Goldman Sachs has developed a new execution algorithm. In an announcement last week, the firm said it launched a new algo called 'AXIS' on its Atlas high speed trading platform, and that the early results were "very promising."
This may be so, but insiders say it hasn't stopped a handful of people leaving Goldman's electronic trading team for leading hedge funds and market makers, even though bonuses will be soon be paid.
The biggest exit is understood to be that of Tom Schouwenaars, a Goldman Sachs managing director (MD) and the firm's New York-based research and development lead for equities execution algorithms, smart order routing, internalization and analytics. After nearly 15 years at Goldman, Schouwenaars is rumored to be joining Citadel. However, he remains employed at Goldman according to FINRA. Neither Goldman nor Citadel commented on the alleged move.
Sanjay Harji, a former managing director in Goldman's EMEA equities execution team has made a more definitive exit. Harji left Goldman in London last month according to his LinkedIn profile. He now works for hedge fund Millennium's execution services team.
An up-and-coming New York-based associate on the New York team is also understood to be in the process of joining Citadel Securities.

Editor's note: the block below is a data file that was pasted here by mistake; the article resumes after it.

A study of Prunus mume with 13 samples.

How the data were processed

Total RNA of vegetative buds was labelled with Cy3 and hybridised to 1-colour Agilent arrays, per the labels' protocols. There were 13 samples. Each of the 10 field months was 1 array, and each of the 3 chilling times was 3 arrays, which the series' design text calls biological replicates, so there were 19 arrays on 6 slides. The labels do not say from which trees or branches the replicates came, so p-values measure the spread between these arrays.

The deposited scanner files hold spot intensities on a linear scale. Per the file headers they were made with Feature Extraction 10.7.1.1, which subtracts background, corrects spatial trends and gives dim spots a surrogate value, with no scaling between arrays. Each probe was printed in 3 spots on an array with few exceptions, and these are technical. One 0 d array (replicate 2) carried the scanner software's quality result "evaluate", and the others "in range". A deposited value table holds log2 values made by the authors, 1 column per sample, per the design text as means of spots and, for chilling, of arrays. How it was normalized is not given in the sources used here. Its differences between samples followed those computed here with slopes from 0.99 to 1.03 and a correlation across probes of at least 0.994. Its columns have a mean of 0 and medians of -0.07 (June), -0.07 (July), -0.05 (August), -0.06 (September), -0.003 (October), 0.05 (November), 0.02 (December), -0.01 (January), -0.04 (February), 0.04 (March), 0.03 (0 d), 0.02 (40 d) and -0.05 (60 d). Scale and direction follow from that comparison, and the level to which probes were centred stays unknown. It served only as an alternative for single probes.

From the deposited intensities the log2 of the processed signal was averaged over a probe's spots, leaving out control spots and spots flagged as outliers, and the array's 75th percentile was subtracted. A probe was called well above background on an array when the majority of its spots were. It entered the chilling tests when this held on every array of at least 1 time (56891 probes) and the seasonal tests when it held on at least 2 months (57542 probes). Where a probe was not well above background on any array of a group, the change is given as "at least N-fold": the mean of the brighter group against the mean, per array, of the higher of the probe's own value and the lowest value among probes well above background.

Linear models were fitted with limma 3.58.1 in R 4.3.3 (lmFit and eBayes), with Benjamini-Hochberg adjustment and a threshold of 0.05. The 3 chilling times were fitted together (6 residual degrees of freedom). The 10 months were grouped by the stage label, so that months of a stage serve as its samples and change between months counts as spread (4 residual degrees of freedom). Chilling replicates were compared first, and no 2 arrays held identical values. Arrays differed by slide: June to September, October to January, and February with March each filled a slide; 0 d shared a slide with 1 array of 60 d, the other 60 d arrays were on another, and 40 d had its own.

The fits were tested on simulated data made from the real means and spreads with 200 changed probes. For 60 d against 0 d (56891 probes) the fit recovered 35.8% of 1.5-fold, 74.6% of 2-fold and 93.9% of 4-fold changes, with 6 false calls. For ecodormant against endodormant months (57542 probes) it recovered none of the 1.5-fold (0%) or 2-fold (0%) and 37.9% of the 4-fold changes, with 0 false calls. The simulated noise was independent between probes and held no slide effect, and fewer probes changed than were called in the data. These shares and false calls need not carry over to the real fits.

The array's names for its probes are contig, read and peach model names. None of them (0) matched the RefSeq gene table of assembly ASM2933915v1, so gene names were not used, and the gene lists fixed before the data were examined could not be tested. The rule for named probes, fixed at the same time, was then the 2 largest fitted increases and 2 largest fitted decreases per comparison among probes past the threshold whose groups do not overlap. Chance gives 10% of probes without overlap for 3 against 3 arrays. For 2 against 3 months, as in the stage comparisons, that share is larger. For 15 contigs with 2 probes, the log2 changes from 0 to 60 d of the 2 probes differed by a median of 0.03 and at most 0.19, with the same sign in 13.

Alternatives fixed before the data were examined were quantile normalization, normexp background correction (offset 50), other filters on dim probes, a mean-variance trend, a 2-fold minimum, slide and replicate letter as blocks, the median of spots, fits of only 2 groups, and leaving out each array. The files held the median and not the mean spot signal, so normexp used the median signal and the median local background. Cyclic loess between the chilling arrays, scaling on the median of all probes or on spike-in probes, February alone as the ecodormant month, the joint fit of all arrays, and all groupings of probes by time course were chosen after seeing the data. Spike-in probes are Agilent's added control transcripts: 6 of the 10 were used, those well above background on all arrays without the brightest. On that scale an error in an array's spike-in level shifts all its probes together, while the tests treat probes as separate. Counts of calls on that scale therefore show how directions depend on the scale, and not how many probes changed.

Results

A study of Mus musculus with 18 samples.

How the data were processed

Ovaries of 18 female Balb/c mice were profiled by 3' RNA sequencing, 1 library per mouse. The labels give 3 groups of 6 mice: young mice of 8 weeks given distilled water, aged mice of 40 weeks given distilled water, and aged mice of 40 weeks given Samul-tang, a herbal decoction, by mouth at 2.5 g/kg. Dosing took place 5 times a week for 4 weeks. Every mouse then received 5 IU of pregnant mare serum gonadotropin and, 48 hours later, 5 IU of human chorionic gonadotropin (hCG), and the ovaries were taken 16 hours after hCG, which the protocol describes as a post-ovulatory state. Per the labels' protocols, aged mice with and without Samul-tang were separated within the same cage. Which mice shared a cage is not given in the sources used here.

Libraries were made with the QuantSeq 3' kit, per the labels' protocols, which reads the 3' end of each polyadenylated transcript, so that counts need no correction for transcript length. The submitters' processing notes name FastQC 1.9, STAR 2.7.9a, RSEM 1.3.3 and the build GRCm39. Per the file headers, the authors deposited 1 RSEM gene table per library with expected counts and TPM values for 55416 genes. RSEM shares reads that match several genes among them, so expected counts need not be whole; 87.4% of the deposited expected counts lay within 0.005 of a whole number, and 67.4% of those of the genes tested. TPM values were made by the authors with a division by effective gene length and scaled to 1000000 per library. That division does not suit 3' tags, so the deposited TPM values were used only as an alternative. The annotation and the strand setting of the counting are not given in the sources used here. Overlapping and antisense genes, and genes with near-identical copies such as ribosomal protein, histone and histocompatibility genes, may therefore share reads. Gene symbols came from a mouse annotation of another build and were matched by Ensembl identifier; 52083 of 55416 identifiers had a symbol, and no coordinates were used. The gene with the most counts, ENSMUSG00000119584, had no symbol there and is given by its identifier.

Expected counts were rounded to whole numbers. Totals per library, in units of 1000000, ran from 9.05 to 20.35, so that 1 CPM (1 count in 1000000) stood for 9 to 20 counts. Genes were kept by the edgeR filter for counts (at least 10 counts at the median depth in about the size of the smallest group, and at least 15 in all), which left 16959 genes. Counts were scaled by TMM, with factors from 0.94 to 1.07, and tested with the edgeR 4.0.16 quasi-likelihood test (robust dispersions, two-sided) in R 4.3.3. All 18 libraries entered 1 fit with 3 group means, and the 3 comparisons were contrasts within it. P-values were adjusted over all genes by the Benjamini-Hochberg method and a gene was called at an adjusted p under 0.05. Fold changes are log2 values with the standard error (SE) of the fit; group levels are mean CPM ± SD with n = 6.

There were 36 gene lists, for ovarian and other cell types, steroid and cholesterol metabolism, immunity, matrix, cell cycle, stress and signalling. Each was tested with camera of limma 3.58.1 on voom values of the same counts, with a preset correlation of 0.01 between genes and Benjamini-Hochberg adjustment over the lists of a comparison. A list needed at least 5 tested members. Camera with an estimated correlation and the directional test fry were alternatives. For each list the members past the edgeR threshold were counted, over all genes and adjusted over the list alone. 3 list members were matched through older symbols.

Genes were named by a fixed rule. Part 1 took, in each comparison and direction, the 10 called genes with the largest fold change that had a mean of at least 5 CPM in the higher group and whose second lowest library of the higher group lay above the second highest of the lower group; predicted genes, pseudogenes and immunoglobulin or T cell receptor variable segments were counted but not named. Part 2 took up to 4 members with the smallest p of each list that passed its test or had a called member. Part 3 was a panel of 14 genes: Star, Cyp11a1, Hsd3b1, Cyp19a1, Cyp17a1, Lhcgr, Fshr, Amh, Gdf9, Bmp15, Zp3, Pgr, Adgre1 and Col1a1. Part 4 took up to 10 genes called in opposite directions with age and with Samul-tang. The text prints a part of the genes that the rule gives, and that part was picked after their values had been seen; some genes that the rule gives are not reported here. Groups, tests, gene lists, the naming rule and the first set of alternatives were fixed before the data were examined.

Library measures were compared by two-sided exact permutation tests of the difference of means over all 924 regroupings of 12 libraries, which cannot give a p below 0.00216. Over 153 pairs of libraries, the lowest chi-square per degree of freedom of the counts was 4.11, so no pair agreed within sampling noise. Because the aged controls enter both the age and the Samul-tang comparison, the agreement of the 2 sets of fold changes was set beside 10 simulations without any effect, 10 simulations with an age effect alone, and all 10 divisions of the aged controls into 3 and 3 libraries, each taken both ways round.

The exits are unusual for this time of year. "People being bought out 30-60 days to bonuses," says one insider. "It's almost like these firms are showing off."
The high pay on offer at Goldman's rivals is thought to be part of the appeal. GS insiders said the bank's own trading technology is now vastly improved versus a few years ago.
Another Goldman insider said previously that there are fears that bonuses will be hit by the $2.8bn fine Goldman agreed to pay following the 1MDB scandal.
Have a confidential story, tip, or comment you’d like to share? Contact: firstname.lastname@example.org in the first instance. Whatsapp/Signal/Telegram also available. Bear with us if you leave a comment at the bottom of this article: all our comments are moderated by human beings. Sometimes these humans might be asleep, or away from their desks, so it may take a while for your comment to appear. Eventually it will – unless it’s offensive or libelous (in which case it won’t.)